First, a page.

US maintains it will soon enforce UN sanctions on Iran
Secretary of State Mike Pompeo said Wednesday the US will take every measure necessary to re-enforce UN sanctions on Iran that Washington says have been triggered despite widespread opposition to the move within the Security Council.
Addressing reporters at the State Department alongside UK Foreign Minister Dominic Raab, Pompeo maintained Washington has the ability to trigger what is known as the “snapback” of all UN sanctions lifted as part of the 2015 nuclear deal world powers struck with Iran despite US President Donald Trump’s decision to leave the pact.
Pompeo in August went to the UN’s New York headquarters to initiate the reimposition process.
“The United States will do what it always does. It will do its share as part of its responsibilities to enable peace, this time in the Middle East,” Pompeo said ahead of Sunday’s deadline for snapback to be instituted under the 30-day timeline the US says it started in August.
“We’ll do all the things we need to do to make sure those sanctions are enforced,” he added.
Nearly all of the Security Council members, as well as all of the nuclear deal’s remaining participants, dispute the US move to initiate snapback because of Trump’s 2018 decision to leave the Joint Comprehensive Plan of Action (JCPOA).
Washington maintains it still has the authority as a signatory to the Security Council resolution that endorsed the deal, a view shared by none of the other P5 1 powers, the EU or Iran, which all signed the deal.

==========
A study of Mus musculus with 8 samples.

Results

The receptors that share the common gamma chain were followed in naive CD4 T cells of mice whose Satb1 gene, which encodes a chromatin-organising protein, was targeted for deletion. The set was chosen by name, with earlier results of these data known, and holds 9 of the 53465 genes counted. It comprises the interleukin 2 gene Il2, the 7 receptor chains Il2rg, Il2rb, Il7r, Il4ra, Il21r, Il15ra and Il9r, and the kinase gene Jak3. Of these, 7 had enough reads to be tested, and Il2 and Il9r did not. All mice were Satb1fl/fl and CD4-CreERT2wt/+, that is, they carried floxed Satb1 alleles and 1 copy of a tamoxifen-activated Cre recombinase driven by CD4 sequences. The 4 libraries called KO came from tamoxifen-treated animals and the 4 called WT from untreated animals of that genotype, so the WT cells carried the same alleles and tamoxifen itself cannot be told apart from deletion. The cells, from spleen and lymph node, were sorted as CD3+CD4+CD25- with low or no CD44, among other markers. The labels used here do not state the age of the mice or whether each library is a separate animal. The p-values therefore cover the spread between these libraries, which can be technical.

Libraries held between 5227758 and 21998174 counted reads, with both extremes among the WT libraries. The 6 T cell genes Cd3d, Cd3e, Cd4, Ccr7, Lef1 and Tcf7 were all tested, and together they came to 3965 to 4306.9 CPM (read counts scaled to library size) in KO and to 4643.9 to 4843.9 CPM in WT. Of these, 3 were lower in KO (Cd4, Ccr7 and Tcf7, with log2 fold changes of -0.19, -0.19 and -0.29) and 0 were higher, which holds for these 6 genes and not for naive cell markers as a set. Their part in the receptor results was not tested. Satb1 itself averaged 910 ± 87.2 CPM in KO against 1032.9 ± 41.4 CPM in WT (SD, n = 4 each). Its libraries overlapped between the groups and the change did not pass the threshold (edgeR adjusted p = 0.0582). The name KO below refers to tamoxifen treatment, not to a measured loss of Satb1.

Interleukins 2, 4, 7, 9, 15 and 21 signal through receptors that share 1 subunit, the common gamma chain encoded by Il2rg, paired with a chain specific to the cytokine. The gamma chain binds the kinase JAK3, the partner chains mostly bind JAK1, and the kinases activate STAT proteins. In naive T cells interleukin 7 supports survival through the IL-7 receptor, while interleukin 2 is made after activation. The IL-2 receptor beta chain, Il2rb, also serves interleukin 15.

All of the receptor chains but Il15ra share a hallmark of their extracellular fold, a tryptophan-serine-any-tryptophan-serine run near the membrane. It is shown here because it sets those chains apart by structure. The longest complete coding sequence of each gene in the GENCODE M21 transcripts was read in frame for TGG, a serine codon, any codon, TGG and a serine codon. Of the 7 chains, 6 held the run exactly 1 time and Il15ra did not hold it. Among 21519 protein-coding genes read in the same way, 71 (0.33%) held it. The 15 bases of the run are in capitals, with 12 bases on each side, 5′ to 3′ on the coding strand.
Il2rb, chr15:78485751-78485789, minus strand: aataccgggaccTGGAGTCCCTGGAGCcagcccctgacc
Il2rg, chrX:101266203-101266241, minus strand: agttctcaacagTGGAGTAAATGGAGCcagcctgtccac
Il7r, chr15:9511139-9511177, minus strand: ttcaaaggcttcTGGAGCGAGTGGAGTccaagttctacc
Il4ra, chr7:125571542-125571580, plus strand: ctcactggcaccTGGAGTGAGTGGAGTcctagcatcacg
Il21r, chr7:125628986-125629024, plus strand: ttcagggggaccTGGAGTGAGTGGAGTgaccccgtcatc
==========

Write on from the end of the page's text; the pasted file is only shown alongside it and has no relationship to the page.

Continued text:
Shortly after Pompeo visited New York, former UN Security Council President Triansyah Djani, who helmed the body in August, dismissed the US move citing a lack of consensus within the council on the US’ standing to trigger snapback.
“It is clear for me that there is one member that has a particular position on the issues, while there are significant numbers of members who have contesting views,” Djani said after being pressed to comment on the matter by Russian and Chinese ambassadors during a virtual council meeting.
“In my view there is no consensus in the council, thus the president is not in the position to take further action,” he added.
Gunter Sautter, Germany’s deputy envoy to the UN, welcomed Djani’s finding during a convening of the Security Council, and slammed what he said was the “purported notification” delivered by Pompeo, calling it “in legal terms, null and void.”
Asked about the looming crisis while addressing reporters Wednesday, UN Secretary-General Antonio Guterres deferred to the council, saying it is “the body that is able to do the interpretation of the Security Council resolutions.”
“We will act in line with what the Security Council does,” he said.